VA has yet to close on long-delayed Western New York cemetery - The Buffalo News

Four years after the Obama administration agreed to establish a national veterans cemetery in Western New York, and 17 months after Sen. Charles Schumer revealed Veterans Affairs had selected a site, the federal government has yet to purchase the land.

The VA has an agreement to buy 132 acres in Genesee County for the cemetery, which would be located about halfway between Buffalo and Rochester and would serve the 180,000 veterans who live in those areas.

But the extensive archaeological tests required because of Native American artifacts buried on the Town of Pembroke property, coming on the heels of the initial difficulties in finding a suitable site, have delayed the development of the cemetery.

VA officials told The Buffalo News the agency hopes to close on the purchase this spring.

But they cautioned that design and construction of the cemetery will take an additional four or five years, and Congress still must appropriate the money for the project.

“We’re doing everything that we can to make sure that the veterans in that area, Western New York, are taken care of and that we can provide them the final resting place that’s a national shrine and a lasting tribute to their service. But sometimes that takes time,” said Kristen Parker, a National Cemetery Administration spokeswoman.

Local veterans have waited years for a national cemetery in or near Erie County, arguing that the closest such site, in Steuben County, is too far away.

The veterans are frustrated the cemetery is taking so long, but they look forward to the government’s building a cemetery worthy of the men and women who will be interred there.

“It’s never too late to honor our veterans,” said Roger Woodworth, who heads the Veterans One-Stop Center in Buffalo. The national veterans cemetery in Bath, serving both Western and Central New York, is about 100 miles from downtown Buffalo. Area veterans have argued for years for a more conveniently located cemetery.

In 2010, the Obama administration agreed to a change that made the region eligible for one. The VA initially looked for 200-acre sites between Buffalo and Rochester but later broadened its search to accept smaller parcels.

By 2012, the VA had narrowed its choice to a trio of sites – two in Pembroke and one in Lancaster – and Schumer that fall declared the VA had a site in mind. The VA itself has never confirmed which site it prefers, even after The News last March revealed that the agency’s choice was a parcel at Route 77 and Indian Falls Road.

The property is well-known in Pembroke and is described as pastoral by neighbors.

“It is a beautiful, rolling hill, very much like an Arlington cemetery,” said Pembroke Assessor Deborah Conti, referring to the national cemetery in Virginia.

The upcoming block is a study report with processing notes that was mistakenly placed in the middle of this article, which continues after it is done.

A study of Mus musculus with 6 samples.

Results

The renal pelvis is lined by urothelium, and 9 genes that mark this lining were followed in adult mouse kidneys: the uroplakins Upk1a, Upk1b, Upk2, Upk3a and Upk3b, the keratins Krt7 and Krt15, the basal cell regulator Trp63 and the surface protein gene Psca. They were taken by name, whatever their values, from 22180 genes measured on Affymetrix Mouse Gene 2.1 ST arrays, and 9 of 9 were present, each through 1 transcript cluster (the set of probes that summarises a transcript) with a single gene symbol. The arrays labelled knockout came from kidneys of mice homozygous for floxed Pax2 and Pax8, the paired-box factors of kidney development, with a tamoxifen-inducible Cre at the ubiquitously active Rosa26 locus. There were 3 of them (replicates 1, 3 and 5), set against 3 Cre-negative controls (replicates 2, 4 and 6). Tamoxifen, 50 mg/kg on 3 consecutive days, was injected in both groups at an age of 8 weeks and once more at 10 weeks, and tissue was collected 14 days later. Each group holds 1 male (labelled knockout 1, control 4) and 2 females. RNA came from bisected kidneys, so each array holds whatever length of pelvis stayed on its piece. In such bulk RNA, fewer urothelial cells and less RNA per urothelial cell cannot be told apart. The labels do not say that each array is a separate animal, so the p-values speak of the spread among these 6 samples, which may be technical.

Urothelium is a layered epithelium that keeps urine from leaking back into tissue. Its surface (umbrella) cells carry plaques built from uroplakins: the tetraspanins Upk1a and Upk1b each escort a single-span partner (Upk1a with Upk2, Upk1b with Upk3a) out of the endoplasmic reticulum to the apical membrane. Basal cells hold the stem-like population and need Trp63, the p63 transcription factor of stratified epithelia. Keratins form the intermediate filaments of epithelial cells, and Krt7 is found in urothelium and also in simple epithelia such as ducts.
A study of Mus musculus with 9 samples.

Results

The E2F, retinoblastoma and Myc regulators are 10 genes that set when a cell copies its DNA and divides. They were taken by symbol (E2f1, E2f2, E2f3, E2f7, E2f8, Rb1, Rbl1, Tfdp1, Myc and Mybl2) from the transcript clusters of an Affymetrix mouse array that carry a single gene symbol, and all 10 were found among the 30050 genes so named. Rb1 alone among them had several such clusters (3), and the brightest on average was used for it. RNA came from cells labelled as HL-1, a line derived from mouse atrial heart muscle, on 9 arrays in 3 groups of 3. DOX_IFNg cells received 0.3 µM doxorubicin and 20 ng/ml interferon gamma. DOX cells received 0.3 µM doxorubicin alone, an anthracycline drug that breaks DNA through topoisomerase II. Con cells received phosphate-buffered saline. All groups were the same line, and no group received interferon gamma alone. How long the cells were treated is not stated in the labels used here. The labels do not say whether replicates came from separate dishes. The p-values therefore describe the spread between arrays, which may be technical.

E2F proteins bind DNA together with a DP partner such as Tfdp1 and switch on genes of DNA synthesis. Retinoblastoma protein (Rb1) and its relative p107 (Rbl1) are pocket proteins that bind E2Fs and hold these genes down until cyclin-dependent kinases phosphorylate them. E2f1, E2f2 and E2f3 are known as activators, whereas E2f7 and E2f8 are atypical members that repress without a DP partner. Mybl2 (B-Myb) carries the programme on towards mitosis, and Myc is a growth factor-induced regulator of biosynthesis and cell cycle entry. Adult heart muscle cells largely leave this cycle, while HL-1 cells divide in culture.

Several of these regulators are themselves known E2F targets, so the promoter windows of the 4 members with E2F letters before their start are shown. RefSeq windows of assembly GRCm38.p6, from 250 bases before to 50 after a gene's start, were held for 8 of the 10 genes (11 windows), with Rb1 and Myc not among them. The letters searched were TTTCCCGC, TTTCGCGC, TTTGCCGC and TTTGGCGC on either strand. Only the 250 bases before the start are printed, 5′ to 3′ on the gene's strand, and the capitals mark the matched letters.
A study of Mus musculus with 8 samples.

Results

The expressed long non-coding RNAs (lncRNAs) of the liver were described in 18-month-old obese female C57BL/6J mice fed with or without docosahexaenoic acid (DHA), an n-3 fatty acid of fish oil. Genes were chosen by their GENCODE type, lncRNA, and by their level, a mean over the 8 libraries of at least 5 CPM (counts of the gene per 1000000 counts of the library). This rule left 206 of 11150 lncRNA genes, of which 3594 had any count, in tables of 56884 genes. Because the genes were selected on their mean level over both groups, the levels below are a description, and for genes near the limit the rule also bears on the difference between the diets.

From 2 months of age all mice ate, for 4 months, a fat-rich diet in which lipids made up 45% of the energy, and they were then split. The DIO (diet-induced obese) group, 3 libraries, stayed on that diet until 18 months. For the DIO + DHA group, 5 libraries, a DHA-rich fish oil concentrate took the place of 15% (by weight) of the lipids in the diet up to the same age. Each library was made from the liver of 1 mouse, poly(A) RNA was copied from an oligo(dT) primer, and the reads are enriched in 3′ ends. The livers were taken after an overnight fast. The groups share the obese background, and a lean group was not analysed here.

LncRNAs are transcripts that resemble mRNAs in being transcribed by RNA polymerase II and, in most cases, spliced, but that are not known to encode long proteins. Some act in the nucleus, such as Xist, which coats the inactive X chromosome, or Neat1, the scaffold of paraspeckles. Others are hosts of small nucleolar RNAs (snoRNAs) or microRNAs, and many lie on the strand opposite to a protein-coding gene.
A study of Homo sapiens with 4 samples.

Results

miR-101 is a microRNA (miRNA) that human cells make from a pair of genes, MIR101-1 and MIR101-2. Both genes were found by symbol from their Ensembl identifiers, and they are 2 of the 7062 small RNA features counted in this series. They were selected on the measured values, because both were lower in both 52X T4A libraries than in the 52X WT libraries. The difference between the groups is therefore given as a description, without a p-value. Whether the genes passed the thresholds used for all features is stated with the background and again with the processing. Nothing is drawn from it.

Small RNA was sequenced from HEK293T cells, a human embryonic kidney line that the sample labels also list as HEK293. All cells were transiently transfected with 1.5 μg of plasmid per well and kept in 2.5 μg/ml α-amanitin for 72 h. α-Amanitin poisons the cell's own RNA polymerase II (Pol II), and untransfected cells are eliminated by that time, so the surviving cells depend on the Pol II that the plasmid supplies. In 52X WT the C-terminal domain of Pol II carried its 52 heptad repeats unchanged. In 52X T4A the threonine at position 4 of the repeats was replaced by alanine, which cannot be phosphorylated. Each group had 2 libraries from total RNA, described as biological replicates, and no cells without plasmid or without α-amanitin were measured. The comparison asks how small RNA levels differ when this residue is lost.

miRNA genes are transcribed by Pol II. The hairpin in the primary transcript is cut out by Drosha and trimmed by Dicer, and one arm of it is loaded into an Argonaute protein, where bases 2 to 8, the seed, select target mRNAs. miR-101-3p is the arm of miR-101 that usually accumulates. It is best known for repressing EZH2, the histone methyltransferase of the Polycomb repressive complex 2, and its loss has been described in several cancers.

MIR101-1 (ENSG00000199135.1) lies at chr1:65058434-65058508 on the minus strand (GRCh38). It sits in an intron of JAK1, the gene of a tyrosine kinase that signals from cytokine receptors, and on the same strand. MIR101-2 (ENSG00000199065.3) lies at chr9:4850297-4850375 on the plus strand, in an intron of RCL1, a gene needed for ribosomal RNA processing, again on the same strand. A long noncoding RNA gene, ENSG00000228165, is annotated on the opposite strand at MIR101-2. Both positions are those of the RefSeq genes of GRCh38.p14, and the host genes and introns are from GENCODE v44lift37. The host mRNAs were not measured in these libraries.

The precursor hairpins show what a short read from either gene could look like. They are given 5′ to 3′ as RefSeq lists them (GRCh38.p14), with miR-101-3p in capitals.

The land for decades has been leased to a farming operation, most recently for winter wheat, but farming on the property ended last year, said Lee Veenendaal, whose late father, Leroy, bought the land.

Lee Veenendaal told The News he has a contract in place with the VA and expects the sale to close within three months. The VA will pay the market rate for the property, which is assessed at $160,000.

The VA said extensive archaeological digging at the site has held up the closing on the sale. The property previously was part of the Tonawanda Indian Reservation, Conti said.

“That was all Indian land. No matter where you dig over there, you will find something. I find stuff in my yard,” she said.

Officials with the Tonawanda Band of Seneca Indians did not return phone messages.

The state Office of Parks, Recreation & Historic Preservation oversaw the cultural-resource survey at the site. Now officials are waiting for the VA to send along a revised agreement.

“They’re doing a lot of due diligence to make sure everyone’s happy,” Veenendaal said.

The VA expects to close on the property in the next several months, though officials are ready to proceed with their second choice if the purchase falls through, said Jessica Kaplan, a VA real-property manager.

“It has been a long, bumpy road to get Western New York a national veterans cemetery, and we are finally coming close to a deal,” Schumer said in an email.

The VA next would hire a firm to design the cemetery, with the planning process taking as much as 24 months, said Mark Tillotson, a top VA cemetery construction official.

Then, the agency would seeks bids for the construction of the cemetery. Work on the first phase, which would meet the burial needs of area veterans for a decade, could take 2½ years, but the first burials could begin after one year of construction, Tillotson said.

That assumes, however, that Congress will appropriate the money needed for construction.

Veteran advocates say they wish the project had moved along faster because the need here is so great.

“Would I like to have gotten it done yesterday? Yeah,” said Fran McLaughlin, director of the Erie County Veterans Service Agency.

This area isn’t alone in dealing with cemetery delays caused by real estate and other issues, said Richard A. Wannemacher, a retired VA deputy undersecretary who is vice chairman of the One-Stop Center.

“There’s no quick solution,” he said.